JOURNAL ARTICLE

Increased glomerular cell (podocyte) apoptosis in rats with streptozotocin-induced diabetes mellitus: role in the development of diabetic glomerular disease

S Menini, C Iacobini, G Oddi, C Ricci, P Simonelli, S Fallucca, M Grattarola, F Pugliese, C Pesce, G Pugliese
Diabetologia 2007, 50 (12): 2591-9
17901943

AIMS/HYPOTHESIS: Podocyte loss by apoptosis, in addition to favouring progression of established diabetic nephropathy, has been recently indicated as an early phenomenon triggering the initiation of glomerular lesions. This study aimed to assess the rate of glomerular cell death and its relationship with renal functional, structural and molecular changes in rats with experimental diabetes.

METHODS: Male Sprague-Dawley rats with streptozotocin-induced diabetes and coeval non-diabetic control animals were killed at 7 days and at 2, 4 and 6 months for the assessment of apoptosis, renal function, renal structure and the expression of podocyte markers and apoptosis- and cell cycle-related proteins.

RESULTS: Glomerular cell apoptosis was significantly increased in diabetic vs non-diabetic rats at 4 months and to an even greater extent at 6 months, with podocytes accounting for 70% of apoptosing cells. The increase in apoptosis was preceded by increases in proteinuria, albuminuria and mean glomerular and mesangial areas, and by reductions in glomerular cell density and content of synaptopodin and Wilms' tumour protein-1. It coincided with the development of mesangial expansion and glomerular sclerosis, and with the upregulation/activation both of tumour protein p53, which increased progressively throughout the study, and of p21 (also known as cyclin-dependent kinase inhibitor 1A, CIP1 and WAF1), which peaked at 4 months and decreased thereafter.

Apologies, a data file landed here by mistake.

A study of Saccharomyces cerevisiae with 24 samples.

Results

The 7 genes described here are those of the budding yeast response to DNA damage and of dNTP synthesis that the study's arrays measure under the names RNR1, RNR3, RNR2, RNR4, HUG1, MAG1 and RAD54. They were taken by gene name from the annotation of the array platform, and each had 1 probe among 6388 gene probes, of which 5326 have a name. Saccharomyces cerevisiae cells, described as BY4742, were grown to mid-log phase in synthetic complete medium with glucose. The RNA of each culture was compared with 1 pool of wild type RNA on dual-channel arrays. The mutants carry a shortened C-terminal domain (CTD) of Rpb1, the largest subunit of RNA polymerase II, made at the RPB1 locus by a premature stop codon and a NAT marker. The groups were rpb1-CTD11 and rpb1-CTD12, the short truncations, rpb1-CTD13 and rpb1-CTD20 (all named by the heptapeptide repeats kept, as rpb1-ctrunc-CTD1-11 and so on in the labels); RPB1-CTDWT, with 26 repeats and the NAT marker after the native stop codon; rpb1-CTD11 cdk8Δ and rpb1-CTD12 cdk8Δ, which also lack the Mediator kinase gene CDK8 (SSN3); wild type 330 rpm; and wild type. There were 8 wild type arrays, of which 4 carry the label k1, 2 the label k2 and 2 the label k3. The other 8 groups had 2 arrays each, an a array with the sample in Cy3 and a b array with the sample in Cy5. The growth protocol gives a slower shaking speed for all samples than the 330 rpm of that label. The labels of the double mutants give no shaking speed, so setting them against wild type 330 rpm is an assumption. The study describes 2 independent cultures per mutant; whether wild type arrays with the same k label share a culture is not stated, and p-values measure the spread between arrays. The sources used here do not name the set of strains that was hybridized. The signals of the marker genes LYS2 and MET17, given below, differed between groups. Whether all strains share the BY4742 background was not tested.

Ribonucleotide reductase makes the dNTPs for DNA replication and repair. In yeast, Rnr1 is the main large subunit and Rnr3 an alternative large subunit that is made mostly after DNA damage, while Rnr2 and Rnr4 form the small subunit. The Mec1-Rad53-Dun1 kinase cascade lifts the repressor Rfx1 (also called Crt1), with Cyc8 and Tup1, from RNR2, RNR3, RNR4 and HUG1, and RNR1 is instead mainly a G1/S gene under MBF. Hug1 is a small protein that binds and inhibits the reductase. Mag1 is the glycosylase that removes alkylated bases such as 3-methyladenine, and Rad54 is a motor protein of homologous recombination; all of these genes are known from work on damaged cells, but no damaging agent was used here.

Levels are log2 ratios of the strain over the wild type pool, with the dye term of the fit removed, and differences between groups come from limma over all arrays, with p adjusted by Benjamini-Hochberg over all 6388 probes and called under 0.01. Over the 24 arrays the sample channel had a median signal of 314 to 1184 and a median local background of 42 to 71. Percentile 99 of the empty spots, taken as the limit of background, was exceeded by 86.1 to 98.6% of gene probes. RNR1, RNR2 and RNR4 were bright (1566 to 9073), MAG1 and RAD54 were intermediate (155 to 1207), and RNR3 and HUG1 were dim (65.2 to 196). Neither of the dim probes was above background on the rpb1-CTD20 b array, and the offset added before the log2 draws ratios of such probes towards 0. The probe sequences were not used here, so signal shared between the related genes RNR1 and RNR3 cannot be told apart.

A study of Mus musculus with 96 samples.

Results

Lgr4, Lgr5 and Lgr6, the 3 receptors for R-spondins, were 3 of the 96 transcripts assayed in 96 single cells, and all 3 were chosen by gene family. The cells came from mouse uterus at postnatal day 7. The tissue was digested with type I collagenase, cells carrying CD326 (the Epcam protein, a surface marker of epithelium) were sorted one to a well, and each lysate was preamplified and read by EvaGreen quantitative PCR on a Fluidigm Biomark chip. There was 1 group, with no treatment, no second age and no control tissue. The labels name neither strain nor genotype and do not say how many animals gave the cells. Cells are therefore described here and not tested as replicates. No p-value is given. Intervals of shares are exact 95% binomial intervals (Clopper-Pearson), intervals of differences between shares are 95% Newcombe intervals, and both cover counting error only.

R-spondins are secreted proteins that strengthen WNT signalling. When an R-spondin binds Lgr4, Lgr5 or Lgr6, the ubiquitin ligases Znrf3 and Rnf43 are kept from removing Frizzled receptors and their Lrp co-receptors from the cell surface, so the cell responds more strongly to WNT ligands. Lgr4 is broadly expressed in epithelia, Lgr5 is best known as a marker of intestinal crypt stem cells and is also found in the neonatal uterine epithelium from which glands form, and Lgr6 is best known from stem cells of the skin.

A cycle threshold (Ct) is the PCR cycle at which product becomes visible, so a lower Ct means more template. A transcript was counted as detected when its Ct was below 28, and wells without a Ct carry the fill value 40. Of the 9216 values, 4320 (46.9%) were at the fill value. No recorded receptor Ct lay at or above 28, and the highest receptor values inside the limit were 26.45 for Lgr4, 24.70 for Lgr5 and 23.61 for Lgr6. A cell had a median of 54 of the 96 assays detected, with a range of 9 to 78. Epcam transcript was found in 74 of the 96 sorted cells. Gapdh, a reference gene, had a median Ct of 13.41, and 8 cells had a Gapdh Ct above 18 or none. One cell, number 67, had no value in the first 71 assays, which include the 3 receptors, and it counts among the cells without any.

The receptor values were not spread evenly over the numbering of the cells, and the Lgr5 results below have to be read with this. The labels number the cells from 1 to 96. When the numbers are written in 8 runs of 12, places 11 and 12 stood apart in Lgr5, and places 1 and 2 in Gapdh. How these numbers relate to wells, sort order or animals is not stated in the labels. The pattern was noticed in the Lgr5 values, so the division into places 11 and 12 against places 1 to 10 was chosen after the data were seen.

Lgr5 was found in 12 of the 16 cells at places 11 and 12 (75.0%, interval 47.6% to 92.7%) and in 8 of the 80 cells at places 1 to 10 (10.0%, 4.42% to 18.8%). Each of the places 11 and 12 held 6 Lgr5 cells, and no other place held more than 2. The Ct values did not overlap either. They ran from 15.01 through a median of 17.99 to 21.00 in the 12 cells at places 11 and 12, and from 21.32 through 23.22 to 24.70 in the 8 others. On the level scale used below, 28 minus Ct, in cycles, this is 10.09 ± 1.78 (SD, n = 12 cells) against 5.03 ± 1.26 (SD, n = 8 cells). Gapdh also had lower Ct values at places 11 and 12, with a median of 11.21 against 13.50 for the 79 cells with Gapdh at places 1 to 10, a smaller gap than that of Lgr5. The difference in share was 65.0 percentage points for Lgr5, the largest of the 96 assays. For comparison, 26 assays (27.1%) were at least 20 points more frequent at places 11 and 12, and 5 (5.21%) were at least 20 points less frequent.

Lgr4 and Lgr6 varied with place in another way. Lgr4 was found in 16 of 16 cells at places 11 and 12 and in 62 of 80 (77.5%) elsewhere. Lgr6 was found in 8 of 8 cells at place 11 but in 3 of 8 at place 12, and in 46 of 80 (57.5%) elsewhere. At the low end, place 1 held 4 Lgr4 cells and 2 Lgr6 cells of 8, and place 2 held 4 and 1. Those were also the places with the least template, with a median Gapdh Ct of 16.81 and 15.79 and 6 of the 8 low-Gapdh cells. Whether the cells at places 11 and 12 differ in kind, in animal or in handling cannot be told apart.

CONCLUSIONS/INTERPRETATION: Glomerular cell (podocyte) apoptosis is not an early feature in the course of experimental diabetic glomerulopathy, since it is preceded by glomerular hypertrophy, which may decrease glomerular cell density to the point of inducing compensatory podocyte hypertrophy. This is associated with reduced podocyte protein expression (podocytopathy) and proteinuria, and ultimately results in apoptotic cell loss (podocytopenia), driving progression to mesangial expansion and glomerular sclerosis.